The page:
The words flour and flower do not only have the same root, but they were also spelled the same until around 1830. (See etymonline.)
Not only did Shakespeare rhyme hour with flower, but he also sometimes spelled them the same.
It fears not policy that Hereticke,
Which works on leases of short numbred howers,
But all alone stands hugely pollitick,
That it nor growes with heat, nor drownes with showres.
The meter requires that most uses of flower I found in his works be pronounced with one syllable.
To thy faire flower ad the rancke smell of weeds,
but there are a few uses that must be pronounced with two syllables:
Flower of this purple die,
Hit with Cupids archery,
Sinke in apple of his eye,
When his loue he doth espie.
Thomas Gray, writing one hundred and fifty years later, does the same thing: hour and lower rhyme:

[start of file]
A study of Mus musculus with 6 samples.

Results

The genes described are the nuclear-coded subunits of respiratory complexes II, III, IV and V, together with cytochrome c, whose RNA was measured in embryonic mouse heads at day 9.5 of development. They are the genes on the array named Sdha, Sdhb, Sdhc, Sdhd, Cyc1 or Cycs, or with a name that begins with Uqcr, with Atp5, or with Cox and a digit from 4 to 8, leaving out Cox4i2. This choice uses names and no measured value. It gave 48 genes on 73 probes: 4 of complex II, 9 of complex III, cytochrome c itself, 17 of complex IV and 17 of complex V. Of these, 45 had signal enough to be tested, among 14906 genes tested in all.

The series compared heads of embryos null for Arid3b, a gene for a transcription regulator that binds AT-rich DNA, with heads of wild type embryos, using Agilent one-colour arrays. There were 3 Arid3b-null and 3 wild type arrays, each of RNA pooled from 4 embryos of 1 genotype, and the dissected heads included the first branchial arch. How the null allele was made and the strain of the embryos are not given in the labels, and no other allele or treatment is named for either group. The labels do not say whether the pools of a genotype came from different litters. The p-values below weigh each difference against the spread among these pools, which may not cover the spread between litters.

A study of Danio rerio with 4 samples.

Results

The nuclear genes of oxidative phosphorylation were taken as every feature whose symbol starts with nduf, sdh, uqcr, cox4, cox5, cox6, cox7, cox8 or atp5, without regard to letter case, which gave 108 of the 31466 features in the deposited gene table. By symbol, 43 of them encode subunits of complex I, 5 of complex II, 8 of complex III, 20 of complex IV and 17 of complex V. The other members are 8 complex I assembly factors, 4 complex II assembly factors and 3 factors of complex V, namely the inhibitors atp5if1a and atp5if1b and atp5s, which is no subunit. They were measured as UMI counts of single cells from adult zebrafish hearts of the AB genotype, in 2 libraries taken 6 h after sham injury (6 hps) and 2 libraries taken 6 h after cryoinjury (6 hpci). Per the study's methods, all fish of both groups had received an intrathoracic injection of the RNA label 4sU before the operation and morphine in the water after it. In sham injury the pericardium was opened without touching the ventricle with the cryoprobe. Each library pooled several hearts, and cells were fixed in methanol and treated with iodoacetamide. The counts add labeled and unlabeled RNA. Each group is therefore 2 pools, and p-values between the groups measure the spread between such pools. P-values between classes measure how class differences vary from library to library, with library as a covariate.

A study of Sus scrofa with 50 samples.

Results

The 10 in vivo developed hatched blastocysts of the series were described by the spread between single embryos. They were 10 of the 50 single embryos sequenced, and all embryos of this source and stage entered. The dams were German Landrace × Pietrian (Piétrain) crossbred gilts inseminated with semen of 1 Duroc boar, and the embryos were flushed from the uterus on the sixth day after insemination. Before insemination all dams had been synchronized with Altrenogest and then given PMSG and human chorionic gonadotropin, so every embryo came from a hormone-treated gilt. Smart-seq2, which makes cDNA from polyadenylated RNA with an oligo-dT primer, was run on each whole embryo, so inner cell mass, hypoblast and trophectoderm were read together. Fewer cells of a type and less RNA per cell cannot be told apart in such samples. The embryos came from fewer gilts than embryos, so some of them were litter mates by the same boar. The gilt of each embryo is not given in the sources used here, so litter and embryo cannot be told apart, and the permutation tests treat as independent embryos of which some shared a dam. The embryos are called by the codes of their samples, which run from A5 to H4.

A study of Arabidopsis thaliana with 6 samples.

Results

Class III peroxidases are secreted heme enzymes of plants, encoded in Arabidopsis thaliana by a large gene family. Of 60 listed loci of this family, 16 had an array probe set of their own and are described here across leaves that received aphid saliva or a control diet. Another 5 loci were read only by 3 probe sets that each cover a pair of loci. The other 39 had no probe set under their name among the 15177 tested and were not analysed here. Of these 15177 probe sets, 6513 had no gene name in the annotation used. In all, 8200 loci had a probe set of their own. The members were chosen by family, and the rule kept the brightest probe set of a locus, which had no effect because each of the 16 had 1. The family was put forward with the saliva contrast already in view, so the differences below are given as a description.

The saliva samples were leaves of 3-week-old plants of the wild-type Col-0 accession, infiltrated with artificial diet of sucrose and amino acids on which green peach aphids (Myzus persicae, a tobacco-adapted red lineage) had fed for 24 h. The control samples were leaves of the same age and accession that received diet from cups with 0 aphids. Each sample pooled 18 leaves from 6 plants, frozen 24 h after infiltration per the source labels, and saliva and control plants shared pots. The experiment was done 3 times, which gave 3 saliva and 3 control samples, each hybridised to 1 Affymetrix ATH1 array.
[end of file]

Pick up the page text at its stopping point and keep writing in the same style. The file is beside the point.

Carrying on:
While Hope prolongs our happiest hour,
Or deepest shades that dimly lower
and flower always seems to be one syllable:
Full many a flower is born to blush unseen,
And waste its sweetness on the desert air.
So it appears that they have been homophones, at least in the London dialect, for over four hundred years.
Wordsworth (1770–1850) also appears to have only used the one-syllable pronunciation of flower, but Tennyson (1809–1892) used both the one- and two-syllable pronunciations:
The purple flower droops; the golden bee
Is lily-cradled: I alone awake.
Both of these poets rhyme flower and hour.
My guess is that if somebody currently uses two syllables for flower and one syllable for flour, the most likely reason is that their pronunciation has been influenced by the spelling.